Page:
Allen Gillespie came into this week the only one of 55 financial analysts tracked by Bloomberg with a “sell” rating on the company’s shares. In a note to clients July 30, he upgraded the retail and technology giant to “hold.”
His was a decidedly contrarian bet: The shares have gained about 80% since Gillespie recommended selling them back in 2017.
Still, the analyst, president of FinTrust Investment Advisory Services, isn’t exactly upbeat on Amazon’s prospects. His target price, $1,611, remains the lowest on Wall Street and some 13% below where Amazon shares were trading Aug. 2.
Still, his view is ‘hold’
Gillespie — who tries to check the value of stocks by gauging their worth in Bitcoin and gold, as well as dollars — says Amazon’s value has slipped compared with the cryptocurrency.
But in an environment of declining interest rates, investors are likely to continue piling into well-liked stocks such as Amazon, he said. So, hold it is.
As for Amazon’s businesses, Gillespie says other analysts are too optimistic. Amazon is investing more than observers believe, he said. And cloud computing isn’t proving as lucrative as investors think.
“There are some embedded assumptions in people’s models that are probably more aggressive than is called for,” he said.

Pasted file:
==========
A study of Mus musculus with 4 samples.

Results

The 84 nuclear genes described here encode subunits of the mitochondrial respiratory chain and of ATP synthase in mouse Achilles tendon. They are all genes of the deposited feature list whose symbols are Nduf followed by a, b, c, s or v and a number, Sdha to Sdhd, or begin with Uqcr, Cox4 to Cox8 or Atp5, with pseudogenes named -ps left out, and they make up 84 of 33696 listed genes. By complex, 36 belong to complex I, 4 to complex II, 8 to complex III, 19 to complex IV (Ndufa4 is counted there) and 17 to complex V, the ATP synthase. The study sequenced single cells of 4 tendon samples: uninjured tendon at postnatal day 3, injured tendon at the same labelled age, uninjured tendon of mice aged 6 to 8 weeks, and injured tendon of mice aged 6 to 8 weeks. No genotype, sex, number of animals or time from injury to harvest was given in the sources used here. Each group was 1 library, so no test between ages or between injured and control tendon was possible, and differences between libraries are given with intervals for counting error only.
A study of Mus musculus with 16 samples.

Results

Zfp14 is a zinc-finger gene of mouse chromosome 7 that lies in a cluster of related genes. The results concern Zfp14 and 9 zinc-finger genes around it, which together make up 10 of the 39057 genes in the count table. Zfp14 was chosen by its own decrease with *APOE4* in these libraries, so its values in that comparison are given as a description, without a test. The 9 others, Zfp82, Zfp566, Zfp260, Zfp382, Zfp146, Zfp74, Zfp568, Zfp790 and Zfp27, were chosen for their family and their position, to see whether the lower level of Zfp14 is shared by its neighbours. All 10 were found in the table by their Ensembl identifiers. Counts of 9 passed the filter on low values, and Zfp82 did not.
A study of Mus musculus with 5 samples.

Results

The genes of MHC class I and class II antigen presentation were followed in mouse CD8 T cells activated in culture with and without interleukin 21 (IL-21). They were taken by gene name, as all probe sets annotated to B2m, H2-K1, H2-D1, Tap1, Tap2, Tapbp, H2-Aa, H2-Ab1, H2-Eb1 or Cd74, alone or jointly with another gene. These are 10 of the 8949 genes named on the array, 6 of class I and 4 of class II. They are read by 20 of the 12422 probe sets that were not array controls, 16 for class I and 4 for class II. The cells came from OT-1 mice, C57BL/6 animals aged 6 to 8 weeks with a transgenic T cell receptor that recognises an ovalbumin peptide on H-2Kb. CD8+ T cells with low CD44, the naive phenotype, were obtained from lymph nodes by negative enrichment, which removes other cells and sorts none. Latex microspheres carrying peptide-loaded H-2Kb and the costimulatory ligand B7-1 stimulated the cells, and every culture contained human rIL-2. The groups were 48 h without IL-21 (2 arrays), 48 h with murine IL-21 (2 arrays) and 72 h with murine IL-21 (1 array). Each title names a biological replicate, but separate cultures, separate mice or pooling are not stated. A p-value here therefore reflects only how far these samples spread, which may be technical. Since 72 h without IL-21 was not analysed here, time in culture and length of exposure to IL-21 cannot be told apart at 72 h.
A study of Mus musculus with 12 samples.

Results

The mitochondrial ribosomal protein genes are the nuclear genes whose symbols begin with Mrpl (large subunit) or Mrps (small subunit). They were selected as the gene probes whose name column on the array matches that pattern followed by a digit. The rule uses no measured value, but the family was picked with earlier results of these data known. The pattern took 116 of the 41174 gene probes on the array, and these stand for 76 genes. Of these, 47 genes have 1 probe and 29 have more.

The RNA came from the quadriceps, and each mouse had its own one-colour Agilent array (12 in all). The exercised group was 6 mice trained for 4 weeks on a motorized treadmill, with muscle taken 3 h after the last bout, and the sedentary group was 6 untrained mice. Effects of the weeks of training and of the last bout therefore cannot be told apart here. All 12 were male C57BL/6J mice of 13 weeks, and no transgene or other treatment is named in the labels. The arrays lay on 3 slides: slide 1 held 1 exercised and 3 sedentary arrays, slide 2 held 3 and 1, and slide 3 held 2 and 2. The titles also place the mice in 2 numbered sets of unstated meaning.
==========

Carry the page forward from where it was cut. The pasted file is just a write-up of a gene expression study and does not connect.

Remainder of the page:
Gillespie, who started following Amazon with a sell recommendation in July 2017, has an eclectic coverage area. Most analysts specialize in a sector — Amazon’s watchers often are retail or internet experts. Gillespie follows Amazon, some financial companies, an exchange-traded fund and a 3D printing company. His aim isn’t to track Amazon quarter-to-quarter, he said. “We put pieces out every now and then as thought experiments.”
Part of the thought experiment with Amazon is to find a way to describe the sprawling company. As a logistics-savvy retailer, Amazon might be compared with Walmart or Kmart. Taking a longer view, he said, Amazon’s prowess puts it in rarer company, perhaps a peer to the Dutch East India Co.
“To find a comp, you really have to go back to history’s great monopolies,” he said.
Gillespie said he won’t miss being Amazon’s lone bear.
“I’ve gotten a lot of questions about it,” he said, including an interview with a French documentary crew examining Amazon.
Gillespie figures it was all worth it. Sometimes, he said, “There’s no alternative thinking about critical issues.”